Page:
Gov. Andrew M. Cuomo and SUNY Chancellor Nancy L. Zimpher on Monday unveiled the NYSUNY 2020 Challenge Grant Program to make SUNY a leading catalyst for job growth throughout the state, strengthen the academic programs of the four University Centers and demonstrate that New York is open for business.

Phase one of the program will initially consist of $35 million in capital funding for each of the four University Centers: Binghamton, Albany, Buffalo and Stony Brook. The Empire State Development Corporation will administer $20 million for each campus and the SUNY Construction Fund will administer the remaining $15 million for each campus, for a total investment of $140 million.

The funding will be integrated with the governor's Regional Economic Development Councils and administered by ESDC to leverage private sector and other source funding to further the goals of job creation and economic development.

"NYSUNY 2020 brings our economic development goals together with the world-class SUNY system in a way that boosts higher learning and creates good paying jobs all over New York," Cuomo said. "We need to put New Yorkers back to work, and this new partnership with SUNY will be a major part of the reinvention of New York."

"This is a really good day for SUNY, and equally for Binghamton University because of the announcement made today," said Binghamton University President C. Peter Magrath. "We are elated that the governor is eager to harness the Power of SUNY and, in particular, its four university centers. By leveraging our academic excellence, outstanding students and world-class faculty and researchers, Binghamton University is perfectly positioned to be a major catalyst for economic revitalization of the Southern Tier as well as the rest of New York state."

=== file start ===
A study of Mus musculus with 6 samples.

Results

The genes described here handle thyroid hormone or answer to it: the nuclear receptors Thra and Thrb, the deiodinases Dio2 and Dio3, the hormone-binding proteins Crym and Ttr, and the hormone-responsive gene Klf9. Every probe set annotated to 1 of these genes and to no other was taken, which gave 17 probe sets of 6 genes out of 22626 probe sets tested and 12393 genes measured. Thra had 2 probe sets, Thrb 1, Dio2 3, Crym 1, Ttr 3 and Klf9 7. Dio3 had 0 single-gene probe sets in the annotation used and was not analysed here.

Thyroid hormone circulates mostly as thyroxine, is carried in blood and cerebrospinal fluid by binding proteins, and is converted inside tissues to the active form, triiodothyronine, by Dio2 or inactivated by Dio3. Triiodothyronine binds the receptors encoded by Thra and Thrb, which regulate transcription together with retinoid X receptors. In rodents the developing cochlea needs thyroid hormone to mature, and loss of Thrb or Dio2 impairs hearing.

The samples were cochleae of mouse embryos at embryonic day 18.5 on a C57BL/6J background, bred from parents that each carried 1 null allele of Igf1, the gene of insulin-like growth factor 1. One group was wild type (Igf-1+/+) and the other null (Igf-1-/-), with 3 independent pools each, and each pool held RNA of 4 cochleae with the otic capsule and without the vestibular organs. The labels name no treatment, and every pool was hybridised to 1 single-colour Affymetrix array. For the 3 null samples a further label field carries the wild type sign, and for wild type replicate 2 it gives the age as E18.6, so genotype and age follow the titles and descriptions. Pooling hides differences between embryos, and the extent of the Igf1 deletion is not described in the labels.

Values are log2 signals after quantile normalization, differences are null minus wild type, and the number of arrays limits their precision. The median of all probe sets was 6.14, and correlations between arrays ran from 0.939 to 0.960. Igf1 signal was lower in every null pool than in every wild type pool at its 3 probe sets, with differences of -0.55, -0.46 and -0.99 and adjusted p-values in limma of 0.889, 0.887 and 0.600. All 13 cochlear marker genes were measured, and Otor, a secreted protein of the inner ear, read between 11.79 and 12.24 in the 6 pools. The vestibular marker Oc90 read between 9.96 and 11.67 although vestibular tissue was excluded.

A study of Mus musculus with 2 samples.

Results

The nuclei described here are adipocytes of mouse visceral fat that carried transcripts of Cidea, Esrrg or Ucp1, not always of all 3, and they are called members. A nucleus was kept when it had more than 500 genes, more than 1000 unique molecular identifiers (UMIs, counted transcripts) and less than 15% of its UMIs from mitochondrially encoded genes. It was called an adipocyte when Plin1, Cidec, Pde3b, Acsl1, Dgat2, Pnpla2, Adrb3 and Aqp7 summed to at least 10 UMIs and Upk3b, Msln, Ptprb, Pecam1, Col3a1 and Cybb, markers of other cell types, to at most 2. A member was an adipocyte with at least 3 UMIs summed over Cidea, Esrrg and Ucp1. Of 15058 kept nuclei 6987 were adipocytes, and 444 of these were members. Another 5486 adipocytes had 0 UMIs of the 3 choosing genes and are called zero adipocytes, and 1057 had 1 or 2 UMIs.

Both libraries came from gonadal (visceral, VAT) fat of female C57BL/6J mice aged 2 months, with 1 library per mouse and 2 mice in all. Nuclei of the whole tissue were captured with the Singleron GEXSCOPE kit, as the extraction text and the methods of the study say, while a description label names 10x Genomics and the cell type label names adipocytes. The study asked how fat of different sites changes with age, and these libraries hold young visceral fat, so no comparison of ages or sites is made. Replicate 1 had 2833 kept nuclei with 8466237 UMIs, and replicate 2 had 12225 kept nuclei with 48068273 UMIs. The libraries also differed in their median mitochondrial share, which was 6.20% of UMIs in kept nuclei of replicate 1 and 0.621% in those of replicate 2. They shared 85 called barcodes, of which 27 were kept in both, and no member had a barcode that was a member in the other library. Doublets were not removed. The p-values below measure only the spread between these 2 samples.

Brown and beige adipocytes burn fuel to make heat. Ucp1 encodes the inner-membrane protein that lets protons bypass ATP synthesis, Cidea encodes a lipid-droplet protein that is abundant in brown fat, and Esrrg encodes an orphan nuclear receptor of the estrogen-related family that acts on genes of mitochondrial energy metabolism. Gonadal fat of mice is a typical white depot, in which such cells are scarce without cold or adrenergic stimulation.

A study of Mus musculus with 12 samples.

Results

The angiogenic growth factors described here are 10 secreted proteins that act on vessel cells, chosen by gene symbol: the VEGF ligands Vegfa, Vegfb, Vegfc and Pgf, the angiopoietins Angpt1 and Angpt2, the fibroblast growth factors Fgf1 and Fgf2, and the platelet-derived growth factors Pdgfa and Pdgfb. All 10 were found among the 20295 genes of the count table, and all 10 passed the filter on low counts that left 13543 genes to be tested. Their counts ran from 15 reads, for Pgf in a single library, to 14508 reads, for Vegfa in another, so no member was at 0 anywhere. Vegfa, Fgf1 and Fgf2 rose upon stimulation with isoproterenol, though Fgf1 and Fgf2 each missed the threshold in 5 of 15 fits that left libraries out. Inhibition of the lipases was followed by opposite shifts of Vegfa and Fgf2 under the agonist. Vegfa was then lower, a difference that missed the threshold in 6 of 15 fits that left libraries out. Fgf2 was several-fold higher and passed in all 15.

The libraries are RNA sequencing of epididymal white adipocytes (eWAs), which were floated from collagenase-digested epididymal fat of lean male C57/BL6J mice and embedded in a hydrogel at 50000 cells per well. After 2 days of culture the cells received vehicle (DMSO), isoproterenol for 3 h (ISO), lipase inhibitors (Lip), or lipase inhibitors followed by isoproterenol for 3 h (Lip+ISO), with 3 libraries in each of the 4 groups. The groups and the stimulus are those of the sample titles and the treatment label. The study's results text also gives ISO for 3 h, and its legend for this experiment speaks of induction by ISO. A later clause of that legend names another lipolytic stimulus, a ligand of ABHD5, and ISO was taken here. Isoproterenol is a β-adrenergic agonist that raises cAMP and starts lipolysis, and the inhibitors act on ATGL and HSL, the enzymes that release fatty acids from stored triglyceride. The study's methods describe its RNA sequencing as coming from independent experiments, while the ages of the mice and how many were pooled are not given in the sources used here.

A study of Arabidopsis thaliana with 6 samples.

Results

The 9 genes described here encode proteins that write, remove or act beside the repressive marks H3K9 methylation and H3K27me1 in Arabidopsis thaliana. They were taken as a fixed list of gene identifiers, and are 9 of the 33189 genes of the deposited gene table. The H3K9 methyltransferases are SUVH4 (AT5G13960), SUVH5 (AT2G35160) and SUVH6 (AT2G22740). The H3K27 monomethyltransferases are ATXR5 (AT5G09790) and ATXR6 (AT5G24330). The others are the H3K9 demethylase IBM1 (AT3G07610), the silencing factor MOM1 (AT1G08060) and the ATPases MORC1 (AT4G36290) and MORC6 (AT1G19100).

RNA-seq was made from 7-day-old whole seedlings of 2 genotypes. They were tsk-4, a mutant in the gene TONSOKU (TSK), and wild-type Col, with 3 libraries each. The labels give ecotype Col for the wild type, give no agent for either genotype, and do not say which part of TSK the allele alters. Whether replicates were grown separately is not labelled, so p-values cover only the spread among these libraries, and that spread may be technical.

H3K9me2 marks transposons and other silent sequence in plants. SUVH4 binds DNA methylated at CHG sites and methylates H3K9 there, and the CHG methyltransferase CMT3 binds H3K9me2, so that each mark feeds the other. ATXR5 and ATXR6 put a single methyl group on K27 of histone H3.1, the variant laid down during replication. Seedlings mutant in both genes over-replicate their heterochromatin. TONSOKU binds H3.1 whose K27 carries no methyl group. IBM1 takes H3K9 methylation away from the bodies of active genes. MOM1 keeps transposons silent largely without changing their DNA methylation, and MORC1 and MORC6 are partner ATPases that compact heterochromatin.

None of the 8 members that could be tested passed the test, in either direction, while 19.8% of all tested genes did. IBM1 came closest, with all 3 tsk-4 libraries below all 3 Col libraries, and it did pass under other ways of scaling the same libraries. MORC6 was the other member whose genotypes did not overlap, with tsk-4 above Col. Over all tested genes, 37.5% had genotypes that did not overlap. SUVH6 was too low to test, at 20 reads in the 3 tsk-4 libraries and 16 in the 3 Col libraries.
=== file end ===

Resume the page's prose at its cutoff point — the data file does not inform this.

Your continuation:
"Governor Cuomo's vision of reopening New York to business fits perfectly with SUNY's ability to be an economic driver for our state -- a ready-made asset for New York's recovery," Zimpher said. "We have pledged to educate the most adept workforce in the nation, discover innovative solutions to some of the most vexing scientific and socio-economic challenges, improve the business climate in our state, and enhance the quality of life for all New Yorkers."

To be eligible for the funding, Binghamton and the other campuses will submit detailed, long-term economic and academic plans that must leverage private sector resources and meet several criteria, including:

-- ways the school will bring the local community and stakeholders together through the Regional Economic Development Councils to spur local economic development and contribute to regional revitalization

-- strategic partnerships, such as public/private partnerships, to increase academic and economic benefits

-- endorsements from surrounding local governments in support of the plan

-- funding mechanisms, such as capital financing, tuition increases and private sector financing

-- details for expansion, including faculty to be hired, property to be purchased and for what purpose

Speaking to the media on Monday in front of the under-construction Science 5 building, Magrath said that Binghamton has a plan that is strong on economic development and what the University can do for New York state overall, and for the Southern Tier. "It's also symbolic that we're standing in front of Science 5, which is intended to highlight our strength as a research intensive university," he said. "This is testimony to what we contribute to economic development and job growth."

Magrath expects NYSUNY 2020 will enable Binghamton to intensify its business relationships with local industry. "We need to have conversations about this," he said. "It's all collaborative."

The SUNY plans will be reviewed by Zimpher and recommended to the ESDC Board for final approval. Some aspects may require legislative approval. The Regional Economic Development Councils will integrate the plans. The first round of approvals will be made by the end of this year.